Thursday, April 29, 2010

Oil rig disaster that could dwarf Exxon Valdez simply the cost of public policies we demanded

The oil rig catastrophe in the Gulf of Mexico is much worse than believed.  Perhaps 5,000 barrels a day are rushing into the ocean, and it could take months to stop. That’s 210,000 gallons each day. If it takes 90 days to fix, it’ll release 19 million gallons. The 1989 Exxon Valdez spill, by comparison, was 11 million gallons.

The economic devastation from the collapse of the shrimping industry, tourism and lots more may rival the ecological one:

This is part of the deal we make as a society when we collectively decide we want public policies that establish cheap, plentiful oil as Priority #1. It’s just collateral damage, and it’s predictable. There will be more oil spills, explosions, disasters, calamities despite our best technology and best intentions. We’re human and when we engage in risky endeavors to satisfy our addictions, occasionally very bad things happen.

So stop acting surprised or appalled. Let’s suck it up and take our medicine and not complain. Seriously. Any proposal that would significantly reduce our appetite for oil is assigned fringe lunatic status by the majority of voters and the politicians we elect. We told them we want cheap, plentiful oil so at virtually any cost. This is that cost. So are Middle Eastern wars. Global climate change. Children with crippling asthma. It’s the deal we made. Live with it.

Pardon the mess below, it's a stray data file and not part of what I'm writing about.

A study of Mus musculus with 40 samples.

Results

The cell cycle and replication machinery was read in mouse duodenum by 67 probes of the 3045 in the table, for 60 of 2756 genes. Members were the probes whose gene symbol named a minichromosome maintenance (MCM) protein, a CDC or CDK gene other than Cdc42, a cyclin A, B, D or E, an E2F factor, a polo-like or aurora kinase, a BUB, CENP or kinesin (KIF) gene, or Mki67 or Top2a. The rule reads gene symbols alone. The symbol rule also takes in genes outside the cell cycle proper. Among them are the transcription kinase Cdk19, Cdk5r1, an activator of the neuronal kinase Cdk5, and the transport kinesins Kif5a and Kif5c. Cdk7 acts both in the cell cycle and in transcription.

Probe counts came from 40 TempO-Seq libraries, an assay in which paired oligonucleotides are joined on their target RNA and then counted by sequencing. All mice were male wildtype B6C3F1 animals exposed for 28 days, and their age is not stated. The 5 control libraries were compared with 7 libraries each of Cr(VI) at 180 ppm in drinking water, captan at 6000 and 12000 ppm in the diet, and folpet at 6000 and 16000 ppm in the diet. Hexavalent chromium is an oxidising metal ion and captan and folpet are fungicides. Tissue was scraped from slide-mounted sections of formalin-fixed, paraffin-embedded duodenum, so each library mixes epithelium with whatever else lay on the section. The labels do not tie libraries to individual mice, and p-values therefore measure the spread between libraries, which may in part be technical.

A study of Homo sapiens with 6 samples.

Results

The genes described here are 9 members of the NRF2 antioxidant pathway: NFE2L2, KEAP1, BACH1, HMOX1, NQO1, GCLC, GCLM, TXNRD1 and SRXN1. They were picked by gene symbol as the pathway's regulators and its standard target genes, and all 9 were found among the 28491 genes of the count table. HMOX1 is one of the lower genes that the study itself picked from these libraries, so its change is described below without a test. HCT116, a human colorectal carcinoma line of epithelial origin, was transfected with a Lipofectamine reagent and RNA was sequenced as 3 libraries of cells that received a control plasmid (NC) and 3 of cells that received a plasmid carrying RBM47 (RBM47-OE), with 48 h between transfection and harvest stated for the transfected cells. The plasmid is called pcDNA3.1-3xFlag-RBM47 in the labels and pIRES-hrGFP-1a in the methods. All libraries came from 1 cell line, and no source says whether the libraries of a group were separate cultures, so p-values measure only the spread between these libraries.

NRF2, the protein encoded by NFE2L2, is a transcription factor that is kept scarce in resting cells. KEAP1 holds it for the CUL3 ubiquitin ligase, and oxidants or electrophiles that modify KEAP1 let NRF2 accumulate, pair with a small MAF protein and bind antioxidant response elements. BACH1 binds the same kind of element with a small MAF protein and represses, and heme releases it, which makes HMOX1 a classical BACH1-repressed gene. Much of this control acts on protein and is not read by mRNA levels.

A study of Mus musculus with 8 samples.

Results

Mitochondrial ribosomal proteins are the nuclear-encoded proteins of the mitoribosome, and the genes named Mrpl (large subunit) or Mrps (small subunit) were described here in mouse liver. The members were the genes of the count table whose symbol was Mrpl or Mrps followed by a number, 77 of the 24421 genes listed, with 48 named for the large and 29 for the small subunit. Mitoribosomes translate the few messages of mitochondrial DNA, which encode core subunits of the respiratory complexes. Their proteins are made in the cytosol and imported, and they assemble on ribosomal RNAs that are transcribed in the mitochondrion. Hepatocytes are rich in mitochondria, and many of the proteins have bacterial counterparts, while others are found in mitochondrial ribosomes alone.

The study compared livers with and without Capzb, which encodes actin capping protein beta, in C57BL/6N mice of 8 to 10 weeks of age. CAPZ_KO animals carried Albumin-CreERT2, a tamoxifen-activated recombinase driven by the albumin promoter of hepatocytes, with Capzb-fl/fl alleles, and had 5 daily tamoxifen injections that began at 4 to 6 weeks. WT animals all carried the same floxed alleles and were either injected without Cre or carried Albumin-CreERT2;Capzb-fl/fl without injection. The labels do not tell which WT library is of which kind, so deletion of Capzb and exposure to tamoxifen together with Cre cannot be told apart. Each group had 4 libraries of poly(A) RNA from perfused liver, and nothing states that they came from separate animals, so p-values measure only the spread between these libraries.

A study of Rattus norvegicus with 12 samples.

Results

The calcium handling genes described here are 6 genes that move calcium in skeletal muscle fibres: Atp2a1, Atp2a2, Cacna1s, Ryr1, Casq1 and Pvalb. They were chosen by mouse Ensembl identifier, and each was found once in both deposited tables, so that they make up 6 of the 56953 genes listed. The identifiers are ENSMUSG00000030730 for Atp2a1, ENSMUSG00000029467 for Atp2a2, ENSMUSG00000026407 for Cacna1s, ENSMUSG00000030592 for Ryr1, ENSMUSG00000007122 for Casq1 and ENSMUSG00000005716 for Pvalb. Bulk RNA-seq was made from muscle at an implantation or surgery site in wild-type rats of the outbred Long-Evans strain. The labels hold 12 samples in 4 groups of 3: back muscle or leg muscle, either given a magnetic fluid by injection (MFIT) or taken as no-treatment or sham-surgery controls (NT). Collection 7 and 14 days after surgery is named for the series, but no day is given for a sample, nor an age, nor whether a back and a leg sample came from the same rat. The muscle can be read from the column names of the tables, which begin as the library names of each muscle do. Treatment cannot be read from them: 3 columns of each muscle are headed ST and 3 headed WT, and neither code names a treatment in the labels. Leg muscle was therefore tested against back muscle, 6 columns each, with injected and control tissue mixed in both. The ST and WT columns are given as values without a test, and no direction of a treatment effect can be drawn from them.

We do have other options, but they’re generally ridiculed.

Slap a $1/gallon tax on gas to fund biofuels research, public transit or efficiency technology? Not even up for discussion.

Stop subsidizing infrastructure like roads, sewers, power lines and public services that create urban sprawl and accelerate our oil consumption in dozens of different ways? A communist conspiracy to take away our freedoms.

Increase fuel economy standards for vehicles? Well, we finally got a modest increase, but it took 30 years and is still considered by many as a radical notion foisted upon the auto industry by pot-smoking cave-dwelling hippies who hate the automobile industry.

The Gulf of Mexico disaster will, temporarily, legitimize discussion of some of these alternatives. And for a while the “drill baby drill” crowd will – on the advice of their focus group conveners and pollsters – shut the hell up. We also can expect not to hear calls for drilling in the Great Lakes for a while.

Then amnesia will set in. Gas prices will rise. And we’ll all go back to demanding our cheap oil at whatever cost, as long as it does not cause us immediate inconvenience.